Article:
July 27, 1987|BILL CHRISTINE | Times Staff Writer

Using everything but hypnosis, trainer Charlie Whittingham overlooked nary a precaution Sunday as he tried to get the rambunctious Temperate Sil into the starting gate for the $214,000 Swaps Stakes.

Rodney Rash, one of Whittingham's assistants, was at Del Mar, preparing for the start of the season there on Wednesday, but he flew back for the Swaps and ponied Temperate Sil to the gate.

The stall doors were left open prior to Temperate Sil's getting in, because that's the way the 3-year-old colt had been schooled in the mornings.

And Temperate Sil, who had drawn the No. 4 post in the six-horse field, was the last horse to be loaded, reducing the amount of time he would have to stand in the gate.

All of the combinations worked. A horse with a will of steel was converted into a mild-mannered colt. And Temperate Sil, getting off to one of the best starts in his troublesome career, went on to beat Candi's Gold, the colt who beat him the last time, by a diminishing length before 50,087, Hollywood Park's best crowd of the season.

Temperate Sil ran so fast in the beginning that it's a wonder he had enough left through the stretch to carry Bill Shoemaker to the wire.

With On the Line running right with him, Temperate Sil ran the first six furlongs in 1:08 3/5, just a fifth of a second slower than the track record. He ran a mile in 1:34 2/5 and then his tank was empty. But Candi's Gold, winner of the Silver Screen Handicap three weeks ago, couldn't catch him, coming from next-to-last and then settling for second, two lengths better than Pledge Card. On the Line was fourth, followed by Earn Your Stripes and Something Lucky, who was hopelessly beaten after coming into the Swaps with two straight wins on grass.

Temperate Sil's time for the 1 miles on dirt was 2:02 1/5, the second-slowest in the 14-year history of the stake, and it meant that he ran the final quarter of a mile in a very slow :27 4/5.

"I was trying to jump off (at the sixteenth pole)," Shoemaker joked. "He was barely hanging on. He didn't have that much left. But it was his first race at a mile and a quarter, and he had only had one race to get ready for it, and he really didn't get much out of that race."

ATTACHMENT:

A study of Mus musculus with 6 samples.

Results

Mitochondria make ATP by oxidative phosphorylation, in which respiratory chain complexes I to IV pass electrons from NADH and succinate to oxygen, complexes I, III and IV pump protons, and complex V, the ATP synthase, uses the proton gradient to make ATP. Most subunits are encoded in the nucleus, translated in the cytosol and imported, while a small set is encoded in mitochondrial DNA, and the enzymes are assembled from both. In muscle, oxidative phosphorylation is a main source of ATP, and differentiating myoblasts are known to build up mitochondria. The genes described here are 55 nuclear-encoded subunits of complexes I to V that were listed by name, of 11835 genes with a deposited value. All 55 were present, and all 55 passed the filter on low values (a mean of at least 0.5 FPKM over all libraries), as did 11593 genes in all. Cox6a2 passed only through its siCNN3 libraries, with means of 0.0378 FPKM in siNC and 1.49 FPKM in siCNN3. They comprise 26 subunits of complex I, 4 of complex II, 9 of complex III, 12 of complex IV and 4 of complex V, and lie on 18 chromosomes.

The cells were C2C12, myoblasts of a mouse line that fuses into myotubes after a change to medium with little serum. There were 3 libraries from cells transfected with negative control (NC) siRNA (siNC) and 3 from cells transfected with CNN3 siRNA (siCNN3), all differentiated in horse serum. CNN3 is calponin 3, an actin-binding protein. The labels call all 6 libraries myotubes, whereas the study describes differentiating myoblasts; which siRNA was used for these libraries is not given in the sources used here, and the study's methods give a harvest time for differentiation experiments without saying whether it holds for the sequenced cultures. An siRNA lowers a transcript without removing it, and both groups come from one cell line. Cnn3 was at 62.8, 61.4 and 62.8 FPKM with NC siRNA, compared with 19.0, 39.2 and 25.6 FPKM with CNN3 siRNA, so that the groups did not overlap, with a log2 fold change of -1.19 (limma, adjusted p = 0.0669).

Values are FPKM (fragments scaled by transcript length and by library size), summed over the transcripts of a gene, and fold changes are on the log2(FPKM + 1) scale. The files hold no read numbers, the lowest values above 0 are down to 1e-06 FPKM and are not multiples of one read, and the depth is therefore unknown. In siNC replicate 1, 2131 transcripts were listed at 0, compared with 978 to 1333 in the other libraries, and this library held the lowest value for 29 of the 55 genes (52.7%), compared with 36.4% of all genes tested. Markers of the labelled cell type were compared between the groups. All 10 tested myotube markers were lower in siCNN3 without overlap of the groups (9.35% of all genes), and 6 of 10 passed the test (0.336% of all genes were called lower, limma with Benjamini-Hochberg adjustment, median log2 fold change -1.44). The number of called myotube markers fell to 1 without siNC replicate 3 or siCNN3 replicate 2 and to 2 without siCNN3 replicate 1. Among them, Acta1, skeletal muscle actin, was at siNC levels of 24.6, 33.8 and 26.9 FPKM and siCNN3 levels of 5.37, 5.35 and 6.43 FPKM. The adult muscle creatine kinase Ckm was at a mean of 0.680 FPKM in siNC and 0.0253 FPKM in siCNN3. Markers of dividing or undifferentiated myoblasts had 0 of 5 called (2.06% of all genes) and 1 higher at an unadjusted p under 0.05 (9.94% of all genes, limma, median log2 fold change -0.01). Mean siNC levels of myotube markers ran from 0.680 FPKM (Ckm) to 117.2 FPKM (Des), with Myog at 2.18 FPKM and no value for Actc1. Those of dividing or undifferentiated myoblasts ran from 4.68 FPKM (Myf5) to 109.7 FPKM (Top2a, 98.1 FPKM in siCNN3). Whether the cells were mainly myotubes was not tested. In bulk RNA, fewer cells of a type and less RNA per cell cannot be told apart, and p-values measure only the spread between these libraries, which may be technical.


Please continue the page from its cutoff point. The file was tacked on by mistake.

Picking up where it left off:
Temperate Sil ran fifth, 16 lengths behind Candi's Gold, in the Silver Screen, but he nicked himself in the leg leaving the gate and he was also giving the winner eight pounds. On Sunday, the weights were even--123 pounds apiece--and the public sent off Temperate Sil as the 13-10 favorite, making Candi's Gold the 5-2 second choice.

Temperate Sil paid $4.60, $3 and $2.80, Candi's Gold was good for $3.20 and $2.80 and Pledge Card's show price was $3.60. Temperate Sil went into the race with earnings of $857,375, which was more than the rest of the field combined, and he added $124,400 for his owners, who are Whittingham and Lew Figone and Richard Granzella from the San Francisco area.

After the race, Whittingham hedged about whether he would send Temperate Sil to the $1-million Travers Stakes at Saratoga on Aug. 22.

"I'll nominate him to the race," Whittingham said. "We'll see how he looks and make the decision later."

Temperate Sil won the Santa Anita Derby, then got sick at Churchill Downs a week before the Kentucky Derby and didn't run again until the Silver Screen. Sunday's victory came at the scene of his win in the $1-million Hollywood Futurity last December.

The Swaps gave Shoemaker his first win since July 6. He had missed with 23 straight mounts.

"I wanted to break good, and he did," Shoemaker said. "But then he was rank (fighting the jockey) for the first three-quarters of a mile. He was good enough to win. I figured something would be running at us in the stretch."

At the quarter pole, with Temperate Sil leading by 2 1/2 lengths, Gary Stevens thought that his mount, Candi's Gold, had too much ground to make up.

"But then at the three-sixteenths pole, Temperate Sil wasn't striding out," Stevens said. "Then I thought we might catch him, because my horse was digging in.

"But that was just too much ground to make up on this track. You haven't seen too many horses make up that much ground here this season."

Through the stretch, Temperate Sil came perilously close to hitting the rail, despite Shoemaker's left-handed whip.

Temperate Sil hit the wire before he hit the rail, and now he's less than $20,000 away from hitting the $1-million mark in career purses.

Horse Racing Notes

Hollywood Park's handle of $11.3 million was the second-highest in track history, the 10 races just missing the $11.4 million that was bet on 9 races on Breeders' Cup day in 1984. . . . The early-bird betting and pre-race traffic in the parking lots contributed to Sunday's card starting about a half-hour late. . . . The season ends today with a program that includes the $250,000 Sunset Handicap. Charlie Whittingham, who has won seven stakes at the meet, is starting three horses--Rivlia, Forlitano and Swink--any of whom could win.